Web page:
Why Pay More?
It is true that, up to a certain point, the money you pay does buy you wider frequency range. The high end of an under-$500 stereo system is limited enough to cover up a multitude of high-frequency sins (mistracking, electronic distortion, etc.) and the low end doesn't go deep enough to reveal turntable rumble or acoustic feedback proclivities. But as the total system price exceeds the $500 mark, the speakers used in it will exhibit an increasing ability to pass high-end crud and low-end bothers. And there is a point somewhere between $500 and $1000 where the extension of those frequency ranges make previous inaudible problems acutely audible.
The transition point from one phase to the other may be impossible to define, but the effect is that "suddenly," the listener finds that he is noticing mistracking hash, surface ticks and pops, evidence of strain during loud passages, and peculiar low-frequency disturbances that somehow don't seem related to the music.
These things may all be there to some extent in lesser systems, but not to a sufficient degree to call attention to themselves. Often they are perceived subliminally, so that the listener, while unaware that anything is amiss, finds his listening enjoyment impaired to a greater or lesser degree without knowing why. But at some point, those subliminal annoyances in reproduced sound finally penetrate to the level of consciousness, at which time the listener becomes aware that his stereo is making certain, specific, identifiable (albeit inexplicable) sounds that do not belong there.
This sudden awareness can occur spontaneously while he is listening to a system that he has lived with for some time, but more often it happens after said listener, feeling he should "upgrade" his old system, has replaced it with a "better" one whose loudspeakers expose more of those lower and upper frequency ranges. And that "better" system is almost invariaby priced between $500 and $1000.
This is the crucial point that separates the audiophile from the ordinary person. The latter's reaction is to shrug his shoulders and aver that the experts are right. He will not buy a better system, because he now has the feeling that the present one is "too good for his ears" or his records. (This conclusion is enthusiastically supported by his wife, who, having always been less tolerant of distortion and acutely aware of it long before hubby was, assures him that the money for the new system would have been better spent on refurbishing the family room.)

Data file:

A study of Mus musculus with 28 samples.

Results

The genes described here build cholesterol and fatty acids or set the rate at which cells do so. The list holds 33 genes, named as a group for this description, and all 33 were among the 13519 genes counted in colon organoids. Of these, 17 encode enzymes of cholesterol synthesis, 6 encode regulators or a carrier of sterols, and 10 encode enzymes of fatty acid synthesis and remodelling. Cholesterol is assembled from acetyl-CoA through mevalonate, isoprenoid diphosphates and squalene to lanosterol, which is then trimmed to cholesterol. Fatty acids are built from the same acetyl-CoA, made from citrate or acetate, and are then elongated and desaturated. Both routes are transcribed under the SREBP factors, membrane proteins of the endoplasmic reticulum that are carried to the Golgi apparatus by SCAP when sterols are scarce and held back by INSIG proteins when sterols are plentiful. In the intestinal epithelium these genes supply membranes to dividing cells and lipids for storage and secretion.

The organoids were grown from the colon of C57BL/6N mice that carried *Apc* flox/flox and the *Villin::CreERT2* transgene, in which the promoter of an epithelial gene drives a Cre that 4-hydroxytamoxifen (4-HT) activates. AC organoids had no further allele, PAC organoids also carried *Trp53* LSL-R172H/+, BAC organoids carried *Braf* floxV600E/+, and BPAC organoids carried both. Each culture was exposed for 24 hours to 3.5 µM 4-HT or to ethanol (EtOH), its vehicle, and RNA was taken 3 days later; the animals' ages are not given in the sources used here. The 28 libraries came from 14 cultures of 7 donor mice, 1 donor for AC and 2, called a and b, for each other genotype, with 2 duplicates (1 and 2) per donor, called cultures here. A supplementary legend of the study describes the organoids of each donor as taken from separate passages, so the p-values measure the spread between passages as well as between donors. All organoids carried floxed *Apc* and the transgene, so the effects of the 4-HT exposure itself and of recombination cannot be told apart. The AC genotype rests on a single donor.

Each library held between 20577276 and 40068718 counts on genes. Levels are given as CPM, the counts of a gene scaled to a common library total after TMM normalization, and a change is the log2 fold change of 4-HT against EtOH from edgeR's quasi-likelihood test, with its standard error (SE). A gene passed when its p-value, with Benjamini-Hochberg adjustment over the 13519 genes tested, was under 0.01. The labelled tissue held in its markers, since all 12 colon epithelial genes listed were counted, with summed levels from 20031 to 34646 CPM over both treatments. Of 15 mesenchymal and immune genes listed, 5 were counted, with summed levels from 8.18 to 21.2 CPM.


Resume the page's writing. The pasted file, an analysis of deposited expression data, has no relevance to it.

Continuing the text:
The audiophile's reaction will be to try for something a bit better, and costlier, in hopes of achieving what his previous purchase failed to achieve: Listening Satisfaction. He is hooked, because once that $1000 barrier is surmounted, the sky's the limit. He can get progressively better, and more-musical sound by paying progressively more for his components. Better cartridges produce less tracking distortion, better turntables produce less rumble and feedback, and better electronics are cleaner and more listenable at the high end and the low end. But by the same token, the better loudspeakers are ever-more-revealing of all those characteristics of the preceding components. Nonetheless, for $10,000 and the right choices of components (which is another story), the audiophile can have a super-fi stereo system that is very nearly as easy and enjoyable to listen to as was his $500 compact!
To express this another way: The pursuit of audio perfection is not a continuum where purchase cost and listening pleasure are directly inter-related in a neat, linear manner. To begin with, increments in system cost produce progressively diminishing increments in listening pleasure. This might be plotted as an input/output curve (fig.1), which also nicely illustrates how the Law of Diminishing Returns works in high fidelity. This is the simple relationship seen by those experts who set an arbitrary $1000 ceiling on a system purchase. But in reality, that curve has a large glitch in it (fig.2), at the point where the endmost components in the system start to reveal the nasties in all the components ahead of them. And that glitch appears at around the $1000 total system cost.
In other words, there are two phases of advancement from no-fi to ultimate-fi. Up to a certain point, your money buys you more of everything: more frequency range, more power, more control flexibility. Above that pointthe point where you realize that you're hearing more but liking it lessyour additional monetary outlay buys you less of what annoys you: Less edginess, less boominess, less acoustic feedback, less veiling less irritation of all kinds.
Those experts who advise the $1000 limit on a system purchase would be appalled at a minister of the Church who preached a gospel of "adequate" Godliness. But that is exactly what those experts have been doing. Of course, they'll never acknowledge the similarity.J. Gordon Holt
Footnote 1: As this essay was written in the fall of 1979, it is appropriate to point out that $1000 in 1979 dollars is approximately equivalent to $3000 in 2010 dollars. Similarly, a $500 system in 1979 would cost $1500 in 2010.Ed.